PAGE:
Looking to the opioid use disorder space the National Institutes of Health has given Roundtrip, a software platform for organizing medical transport, a $252,000 Small Business Innovation Research (SBIR) Phase I grant in order to look at the impact of transportation on OUD treatment.
Specifically, the study will be zeroing in on appointment show-rates and patient experiences. Roundtrip, the University of Pennsylvania, Lyft and Contra Costa Health services are joining forces to conduct the study, which will predominantly use Lyft’s ride-sharing services to provide the transportation.
Roundtrip software was designed to help healthcare professionals order and coordinate a patients’ medical transport using a pool of available ride providers, whether they be Lyft drivers, facility-owned vehicles, volunteers or otherwise. The platform is available online and as a mobile app, and includes interfaces for providers and patients alike.
In order to be included in the program patients are required to be over the age of 18, be diagnosed with an OUD, report having a difficult time finding transportation, and be enrolled in an outpatient clinical treatment program.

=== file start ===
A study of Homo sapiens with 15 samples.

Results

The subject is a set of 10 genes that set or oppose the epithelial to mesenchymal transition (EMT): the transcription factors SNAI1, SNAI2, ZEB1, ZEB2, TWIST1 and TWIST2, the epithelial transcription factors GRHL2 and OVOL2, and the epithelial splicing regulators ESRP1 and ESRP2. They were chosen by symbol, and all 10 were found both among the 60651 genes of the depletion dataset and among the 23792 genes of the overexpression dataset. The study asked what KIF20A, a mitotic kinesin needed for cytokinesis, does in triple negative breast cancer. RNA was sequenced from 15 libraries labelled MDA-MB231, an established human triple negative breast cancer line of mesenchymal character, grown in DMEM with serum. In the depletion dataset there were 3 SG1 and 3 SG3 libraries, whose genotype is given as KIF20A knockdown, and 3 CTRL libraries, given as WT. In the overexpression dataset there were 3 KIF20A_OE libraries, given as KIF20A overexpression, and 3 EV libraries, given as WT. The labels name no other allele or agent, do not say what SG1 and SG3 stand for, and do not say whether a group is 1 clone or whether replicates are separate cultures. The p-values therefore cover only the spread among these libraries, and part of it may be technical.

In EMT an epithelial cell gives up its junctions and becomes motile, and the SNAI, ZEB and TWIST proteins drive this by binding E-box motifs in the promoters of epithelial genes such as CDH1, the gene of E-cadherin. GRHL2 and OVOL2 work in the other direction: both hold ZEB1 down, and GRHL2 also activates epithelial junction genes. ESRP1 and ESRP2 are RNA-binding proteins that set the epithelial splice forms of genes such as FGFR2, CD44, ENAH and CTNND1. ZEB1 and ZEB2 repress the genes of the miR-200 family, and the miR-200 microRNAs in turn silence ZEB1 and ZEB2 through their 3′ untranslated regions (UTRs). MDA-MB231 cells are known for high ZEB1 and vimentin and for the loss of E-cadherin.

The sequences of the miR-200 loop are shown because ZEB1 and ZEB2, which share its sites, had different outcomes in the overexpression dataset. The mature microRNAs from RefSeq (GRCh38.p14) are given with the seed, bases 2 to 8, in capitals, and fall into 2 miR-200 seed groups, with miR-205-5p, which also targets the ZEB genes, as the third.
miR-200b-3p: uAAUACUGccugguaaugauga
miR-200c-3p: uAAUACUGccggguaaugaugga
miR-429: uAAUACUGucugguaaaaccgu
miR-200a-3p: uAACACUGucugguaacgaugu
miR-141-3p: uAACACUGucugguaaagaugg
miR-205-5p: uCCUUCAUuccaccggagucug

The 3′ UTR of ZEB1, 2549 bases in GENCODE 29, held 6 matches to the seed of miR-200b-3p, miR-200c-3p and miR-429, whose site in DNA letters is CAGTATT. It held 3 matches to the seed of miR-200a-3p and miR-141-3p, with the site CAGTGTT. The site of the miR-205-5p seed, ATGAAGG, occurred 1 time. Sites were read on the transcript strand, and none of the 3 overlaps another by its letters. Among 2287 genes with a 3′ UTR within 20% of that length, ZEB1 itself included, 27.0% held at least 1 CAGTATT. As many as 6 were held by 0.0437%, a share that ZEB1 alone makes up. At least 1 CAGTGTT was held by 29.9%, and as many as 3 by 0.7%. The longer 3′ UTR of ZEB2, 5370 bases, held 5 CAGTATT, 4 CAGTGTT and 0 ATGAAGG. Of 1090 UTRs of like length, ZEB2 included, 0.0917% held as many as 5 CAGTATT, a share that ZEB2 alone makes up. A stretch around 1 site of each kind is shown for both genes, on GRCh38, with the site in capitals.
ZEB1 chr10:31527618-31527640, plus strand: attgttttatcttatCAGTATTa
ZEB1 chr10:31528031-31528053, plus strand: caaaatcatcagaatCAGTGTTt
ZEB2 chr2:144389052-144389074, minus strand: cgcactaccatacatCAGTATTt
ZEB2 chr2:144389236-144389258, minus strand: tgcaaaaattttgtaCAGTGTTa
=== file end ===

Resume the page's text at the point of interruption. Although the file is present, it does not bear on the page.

“This study builds on prior research we have conducted to understand the importance of “transportation and how patients engage with health care,” Dr. Krisda Chaiyachati, assistant professor of medicine at the University of Pennsylvania Perelman School of Medicine and a leading investigator in the study, said in a statement. “Especially with the opioid crisis spread across the country, innovations and partnerships are needed to explore how gaps in access to medication assisted treatment can be bridged, and we are looking forward to working with Roundtrip to explore how their technology solution might offer a meaningful impact for this epidemic.”
WHT IT MATTERS
In the last decade we’ve seen America’s opioid epidemic spread. Since 1999 more than 750,000 individuals have died of opioid overdoses, according to the CDC. The epidemic hit its peak in 2016 with 42,000 deaths.
Some patients with OUD opt for Medication-Assisted treatment, which combines behavioral therapy and medications to treat the disorder. In this kind of treatment, a patient may be taking methadone, buprenorphine or naltrexone in order to treat the addiction, along with support from medical professionals, according to the Substance Abuse and Mental Health Services Administration.
The researchers are pitching ride services as a way for people seeking such services to be able to easily get back and forth to treatment.
THE LARGER TREND
This isn’t the first time that companies have studied the results of medical transport. In 2018 NEMT technology company Hitch Health and Lyft announced the results of a year-long pilot partnership that suggest the joint service was responsible for a 27% reduction in clinic no-shows, as well as an increase in revenue for an internal medicine clinic in downtown Minneapolis. Similarly, Roundtrip also recently revealed that the MD Anderson Cancer Center in Camden, New Jersey, was able to reduce direct transportation costs by 30% with the service, and cut its no-show rate down to 4%.